GETTING DIGITAL INCLUDED SENIOR LEARNERS THROUGH THE TABLETS, NEEDS AND REQUIREMENTS FROM SENIORS@DIGIWORLD PROJECT
The use of mobile devices to access the Internet is not as widespread among seniors as it is among other population groups. According to data from Eurostat 41% of adults from 65 to 74 years old use the Internet (2016). While educational institutions offer courses to increase the digital literacy, other organisations –we call them multipliers– such as libraries, elderly houses, social care centres, telecentres, etc, which come into direct contact with senior citizens are the first (and sometimes the only one), agree to get help on the use of tablets. These kind of organisations are neither related to training nor have experience on education, but still keep offering tuition and assistance for senior learners.
In this context, the Erasmus+ KA2 Strategic partnership project Seniors@DigiWorld (www.digital-seniors.eu) proposes to enable institutions which have direct contact with senior citizens, no matter whether they have educational expertise or not, to provide learning opportunities through the use of mobile devices.
The first phase of the Seniors@DigiWorld project consisted on the analysis of senior citizens’ and multipliers’ training needs. This analysis was conducted in Jan-Feb-Mar 2017 to senior learners, multipliers (including staff and managers). We performed 383 questionnaires to senior citizens (+65) together with 160 multipliers all those performed in LT, RO, DE, and ES.
We aimed to know the interest on the Internet access, the tablet usage and the preferred method of learning for senior citizens. Regarding multipliers and organisations, we aimed to know their capacity for training as well as their needs. Senior learners feel tablet usage is, to some extend, confusing (55%) and they are afraid of breaking things (60%), taking also into account non-digital users (61% 75+, 33% 70-74 and 27% 65-69 years old). However, they feel interested on technology to some extend (67%) although a great majority would like to use it just to communicate with family and friends (89%). Only 43% of multipliers felt confident teaching ICT skills but 66% felt confident to motivate senior citizens. Quantitative and qualitative data support following findings:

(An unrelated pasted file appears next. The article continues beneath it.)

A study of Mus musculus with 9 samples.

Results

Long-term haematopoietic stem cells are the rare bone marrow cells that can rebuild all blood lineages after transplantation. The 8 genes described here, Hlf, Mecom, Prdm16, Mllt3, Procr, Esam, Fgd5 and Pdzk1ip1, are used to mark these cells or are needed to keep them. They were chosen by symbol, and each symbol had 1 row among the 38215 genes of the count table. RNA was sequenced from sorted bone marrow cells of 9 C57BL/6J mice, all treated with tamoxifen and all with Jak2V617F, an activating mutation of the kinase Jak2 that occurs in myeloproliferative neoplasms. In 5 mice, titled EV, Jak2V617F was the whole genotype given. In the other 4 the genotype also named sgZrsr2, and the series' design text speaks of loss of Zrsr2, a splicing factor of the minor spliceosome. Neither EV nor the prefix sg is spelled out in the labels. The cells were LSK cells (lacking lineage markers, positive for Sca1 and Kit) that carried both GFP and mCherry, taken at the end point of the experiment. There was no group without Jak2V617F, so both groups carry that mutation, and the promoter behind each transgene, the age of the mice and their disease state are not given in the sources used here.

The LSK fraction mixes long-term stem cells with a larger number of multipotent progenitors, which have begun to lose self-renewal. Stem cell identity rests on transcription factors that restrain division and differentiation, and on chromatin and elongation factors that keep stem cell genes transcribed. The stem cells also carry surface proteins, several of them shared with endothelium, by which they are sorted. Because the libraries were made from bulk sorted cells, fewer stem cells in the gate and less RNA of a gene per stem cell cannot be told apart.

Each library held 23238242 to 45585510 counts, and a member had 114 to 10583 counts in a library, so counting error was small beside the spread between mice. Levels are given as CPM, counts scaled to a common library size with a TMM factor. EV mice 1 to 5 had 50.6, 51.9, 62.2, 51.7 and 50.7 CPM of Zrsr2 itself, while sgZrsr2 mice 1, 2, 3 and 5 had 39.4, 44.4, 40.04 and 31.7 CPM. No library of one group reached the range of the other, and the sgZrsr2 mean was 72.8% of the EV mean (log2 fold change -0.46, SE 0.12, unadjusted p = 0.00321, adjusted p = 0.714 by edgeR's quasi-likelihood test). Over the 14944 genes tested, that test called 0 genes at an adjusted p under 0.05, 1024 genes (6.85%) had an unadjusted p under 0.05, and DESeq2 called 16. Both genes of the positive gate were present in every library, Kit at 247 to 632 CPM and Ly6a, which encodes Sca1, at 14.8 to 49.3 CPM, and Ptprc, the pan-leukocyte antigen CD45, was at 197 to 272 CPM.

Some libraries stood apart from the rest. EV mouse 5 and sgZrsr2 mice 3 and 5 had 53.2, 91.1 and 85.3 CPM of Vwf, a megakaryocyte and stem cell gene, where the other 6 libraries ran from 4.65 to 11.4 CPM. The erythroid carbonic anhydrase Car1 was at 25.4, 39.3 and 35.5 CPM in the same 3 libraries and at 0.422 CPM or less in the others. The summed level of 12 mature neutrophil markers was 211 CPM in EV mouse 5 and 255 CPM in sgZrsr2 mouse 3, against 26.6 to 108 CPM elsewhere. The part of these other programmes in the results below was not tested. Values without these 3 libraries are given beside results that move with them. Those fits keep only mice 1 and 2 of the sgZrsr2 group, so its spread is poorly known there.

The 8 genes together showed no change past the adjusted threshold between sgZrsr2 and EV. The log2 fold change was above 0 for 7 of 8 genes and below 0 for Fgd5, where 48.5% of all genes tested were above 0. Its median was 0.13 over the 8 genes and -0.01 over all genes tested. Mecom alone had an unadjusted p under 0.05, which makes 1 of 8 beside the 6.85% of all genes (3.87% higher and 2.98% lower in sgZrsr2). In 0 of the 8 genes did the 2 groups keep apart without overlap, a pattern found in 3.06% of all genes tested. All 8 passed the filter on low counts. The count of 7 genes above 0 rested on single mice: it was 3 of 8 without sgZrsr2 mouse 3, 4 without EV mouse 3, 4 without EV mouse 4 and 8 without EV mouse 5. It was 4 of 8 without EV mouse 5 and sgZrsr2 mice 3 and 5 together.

We can conclude that becoming a trainer of senior learners is not a matter of pedagogical capacities (although respondents wished to have more skills on these aspects) but of having the capacity to increase the motivation and interest of the senior learner and being able, or at least, trying to remove any barrier that keeps seniors away from learning. Technical issues and pedagogical capacities should be provided differently to when teaching hard skills or technical capacities. Here, the pedagogical capacities put a huge effort on the social aspects of ICT, emotions, learning experience and connections with people; trainers should facilitate the creation of support networks, social learning and learning to learn attitude. Therefore, senior learners would become digitally included and not dependent on the training institution.
The use of tablets has also provided huge benefits on the senior learners, those are: more personal (sense of identity), intuitive (lack of bridge, as mouse), huge mobility (can carry them more easily) and enjoyable (associated to movies, books, websites), the use of computers has been demonstrated to be useful when having to work or write texts. Tablets become, therefore, the best gadget to promote digital inclusion on senior learners without ICT experience.